Colorado Supreme Court
Office of Attorney Regulation Counsel
Promoting Professionalism. Protecting the Public.
The Colorado Supreme Court Board of Law Examiners employs a holistic grading method to score Multistate Essay and Performance Exams.
Prior to implementing holistic grading in February 2013, exam answers were scored in three phases: First Scoring, Regrade, and Reconciliation. With the implementation of holistic grading, the Regrade and Reconciliation phases were eliminated. This decision was not made for purposes of convenience or expediency. Rather, it was intended to improve the uniformity, reliability, and integrity of the scoring process by having all answers graded at one time when the graders are focused and calibrated.
Colorado employs holistic grading for the MEE and MPT. Holistic grading assigns a score to an answer based on a global impression of the answer’s quality. Although grading guidelines outline specific elements that should be included in an answer to the question, the grade assigned to a paper goes beyond a simple tally of the elements covered and assigns a global score that includes the overall quality of the answer. All answers are scored using the same 1-6 score scale. The 1-6 scale is a relative scale, that is, a “6” is better than a “5,” which is better than a “4,” etc. The National Conference of Bar Examiners uses this 1-6 scale to train graders.
As a Uniform Bar Exam jurisdiction, all examination results are final and not open to regrading or appeal. It is not possible to regrade one essay answer without having to regrade the entire exam pool.
The Colorado grading teams and members of the Colorado Law Committee participate in a national calibration session with other UBE jurisdictions, as well as a second team-specific calibration session just before grading commences to ensure that members on a grading team remain calibrated during the entire grading process. In the grading process for Colorado, grading teams must start and end the grading for all MEE and MPTs during the same designated time. Each grading team member is given a grading packet that does not contain any applicants’ identifying information. Within each grading packet there are embedded answers at regular intervals that are the same for each member of a grading team throughout the entire packet. When a grader reaches an embedded answer, each team member will grade the same essay answer, make notes, and assign their suggested score. To ensure calibration, the suggested score for that embedded answer should be the same for all graders. When there is a variation, the team must discuss why they awarded the essay that particular score, then re-review their previous essays up to the last embedded answer to ensure consistency. This process takes several days; this is the only activity that graders engage in during that timeframe; this is not an activity they fit in to their workday or do at night. It is their sole job for several days. Colorado’s grading procedures provide for all graders to remain focused, calibrated, and in constant communication with their grading partners during the entire grading time, ensuring fairness and consistent application of grading guidelines.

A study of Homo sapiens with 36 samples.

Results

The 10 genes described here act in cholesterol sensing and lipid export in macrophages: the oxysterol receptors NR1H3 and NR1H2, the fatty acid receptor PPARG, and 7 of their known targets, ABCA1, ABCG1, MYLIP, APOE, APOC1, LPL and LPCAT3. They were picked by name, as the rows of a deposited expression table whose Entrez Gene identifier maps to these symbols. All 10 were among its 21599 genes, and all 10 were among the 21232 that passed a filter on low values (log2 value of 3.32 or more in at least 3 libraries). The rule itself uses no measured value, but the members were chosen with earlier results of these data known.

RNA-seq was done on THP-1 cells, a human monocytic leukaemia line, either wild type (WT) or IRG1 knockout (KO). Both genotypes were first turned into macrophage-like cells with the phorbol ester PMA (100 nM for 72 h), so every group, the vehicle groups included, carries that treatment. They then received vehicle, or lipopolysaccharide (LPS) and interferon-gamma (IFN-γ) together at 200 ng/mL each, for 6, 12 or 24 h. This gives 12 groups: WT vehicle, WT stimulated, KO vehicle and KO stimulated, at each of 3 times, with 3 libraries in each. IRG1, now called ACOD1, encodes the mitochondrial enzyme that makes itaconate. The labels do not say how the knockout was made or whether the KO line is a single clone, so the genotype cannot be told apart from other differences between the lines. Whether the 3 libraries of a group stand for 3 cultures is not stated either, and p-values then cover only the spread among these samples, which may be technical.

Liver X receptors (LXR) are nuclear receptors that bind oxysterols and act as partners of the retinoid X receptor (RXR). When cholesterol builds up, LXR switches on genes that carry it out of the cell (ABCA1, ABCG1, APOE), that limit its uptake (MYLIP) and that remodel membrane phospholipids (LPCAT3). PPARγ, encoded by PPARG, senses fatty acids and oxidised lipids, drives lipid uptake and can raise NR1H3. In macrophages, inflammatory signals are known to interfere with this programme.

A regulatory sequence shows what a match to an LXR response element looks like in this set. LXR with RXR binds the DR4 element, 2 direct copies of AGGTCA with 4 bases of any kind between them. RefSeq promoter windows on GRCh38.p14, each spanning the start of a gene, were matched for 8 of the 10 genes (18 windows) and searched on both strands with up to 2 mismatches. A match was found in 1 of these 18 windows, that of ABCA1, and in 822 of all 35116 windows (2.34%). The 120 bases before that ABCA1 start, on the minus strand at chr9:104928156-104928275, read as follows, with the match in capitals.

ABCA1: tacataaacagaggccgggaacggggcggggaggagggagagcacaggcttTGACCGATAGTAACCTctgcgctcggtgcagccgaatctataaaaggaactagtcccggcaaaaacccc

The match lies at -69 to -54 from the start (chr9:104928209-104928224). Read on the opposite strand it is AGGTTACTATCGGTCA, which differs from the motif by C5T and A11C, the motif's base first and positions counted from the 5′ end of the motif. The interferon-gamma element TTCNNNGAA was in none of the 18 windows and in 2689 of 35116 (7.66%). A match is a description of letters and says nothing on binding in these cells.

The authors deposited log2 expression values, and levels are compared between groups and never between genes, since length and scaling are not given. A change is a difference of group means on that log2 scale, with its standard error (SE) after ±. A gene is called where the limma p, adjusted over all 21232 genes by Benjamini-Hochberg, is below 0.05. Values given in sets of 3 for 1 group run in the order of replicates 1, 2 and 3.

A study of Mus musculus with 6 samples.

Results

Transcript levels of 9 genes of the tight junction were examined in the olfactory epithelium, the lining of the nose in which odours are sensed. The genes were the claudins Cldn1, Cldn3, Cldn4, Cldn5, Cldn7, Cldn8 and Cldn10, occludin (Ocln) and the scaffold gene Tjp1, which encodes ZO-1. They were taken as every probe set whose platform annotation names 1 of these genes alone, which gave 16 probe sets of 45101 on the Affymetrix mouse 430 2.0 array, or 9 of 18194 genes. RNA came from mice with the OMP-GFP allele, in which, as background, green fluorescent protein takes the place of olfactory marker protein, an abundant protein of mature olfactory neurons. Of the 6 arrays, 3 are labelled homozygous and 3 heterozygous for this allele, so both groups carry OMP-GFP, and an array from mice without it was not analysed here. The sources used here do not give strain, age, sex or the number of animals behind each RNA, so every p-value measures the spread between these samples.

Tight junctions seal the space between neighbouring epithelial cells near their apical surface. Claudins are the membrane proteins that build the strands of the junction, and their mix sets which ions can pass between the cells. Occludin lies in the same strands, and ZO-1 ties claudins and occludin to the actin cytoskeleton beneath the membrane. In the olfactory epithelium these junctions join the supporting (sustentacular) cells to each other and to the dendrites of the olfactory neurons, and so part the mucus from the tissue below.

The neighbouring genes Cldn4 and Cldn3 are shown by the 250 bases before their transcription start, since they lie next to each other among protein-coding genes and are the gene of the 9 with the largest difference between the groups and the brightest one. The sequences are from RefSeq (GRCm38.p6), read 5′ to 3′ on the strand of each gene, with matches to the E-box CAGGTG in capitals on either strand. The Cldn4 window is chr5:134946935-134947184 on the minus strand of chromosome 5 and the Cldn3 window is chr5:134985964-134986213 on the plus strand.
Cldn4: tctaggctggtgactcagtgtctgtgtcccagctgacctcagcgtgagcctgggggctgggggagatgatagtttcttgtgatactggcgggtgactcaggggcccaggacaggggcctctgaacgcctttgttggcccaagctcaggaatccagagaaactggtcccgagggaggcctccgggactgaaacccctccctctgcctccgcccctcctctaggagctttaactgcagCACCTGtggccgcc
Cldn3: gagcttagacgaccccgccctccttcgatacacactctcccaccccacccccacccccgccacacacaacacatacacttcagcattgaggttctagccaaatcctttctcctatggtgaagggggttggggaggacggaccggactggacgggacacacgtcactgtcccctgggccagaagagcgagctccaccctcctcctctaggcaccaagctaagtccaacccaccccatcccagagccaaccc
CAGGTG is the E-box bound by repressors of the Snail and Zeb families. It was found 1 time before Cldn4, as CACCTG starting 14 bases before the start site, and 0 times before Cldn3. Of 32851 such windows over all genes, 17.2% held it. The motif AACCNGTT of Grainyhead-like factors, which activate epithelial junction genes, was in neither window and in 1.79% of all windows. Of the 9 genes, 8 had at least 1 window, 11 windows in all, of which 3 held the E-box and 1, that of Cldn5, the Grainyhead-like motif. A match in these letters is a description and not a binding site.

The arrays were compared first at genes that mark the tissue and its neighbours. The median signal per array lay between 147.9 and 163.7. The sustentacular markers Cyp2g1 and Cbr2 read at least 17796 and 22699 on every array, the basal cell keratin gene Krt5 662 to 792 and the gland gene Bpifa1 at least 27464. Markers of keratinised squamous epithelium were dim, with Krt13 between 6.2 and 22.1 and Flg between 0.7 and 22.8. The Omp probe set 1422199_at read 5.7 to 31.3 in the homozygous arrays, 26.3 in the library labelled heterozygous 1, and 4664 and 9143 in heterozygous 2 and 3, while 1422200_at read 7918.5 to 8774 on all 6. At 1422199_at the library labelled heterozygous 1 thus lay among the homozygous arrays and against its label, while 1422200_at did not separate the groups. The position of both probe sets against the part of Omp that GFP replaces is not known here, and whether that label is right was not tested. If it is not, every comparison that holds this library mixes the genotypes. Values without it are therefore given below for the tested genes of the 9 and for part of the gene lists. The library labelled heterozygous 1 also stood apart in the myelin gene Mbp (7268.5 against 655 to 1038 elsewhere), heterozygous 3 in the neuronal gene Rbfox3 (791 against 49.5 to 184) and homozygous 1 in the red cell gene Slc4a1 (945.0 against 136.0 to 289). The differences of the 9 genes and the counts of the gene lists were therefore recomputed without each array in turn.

Scoring-MBE: Raw MBE scores (the number of questions correctly answered) are converted to scaled scores by the National Conference of Bar Examiners using a statistical formula designed to make scores comparable from exam to exam.
Scoring-MEE/MPT: Essay and performance test question raw scores are converted to scaled scores by the National Conference of Bar Examiners using a statistical formula designed to make scores comparable. The MEE and MPT scores are scaled to the MBE, with the MBE weighted 50%, the MEE 30%, and the MPT 20%. That score is then added to the MBE scale score to arrive at a total UBE score.
All raw essay scores are proofed by several individuals before the scores are sent to NCBE for scaling to the MBE; scaled scores are then proofed by at least two individuals after they are uploaded to applicants’ records in CiviCore.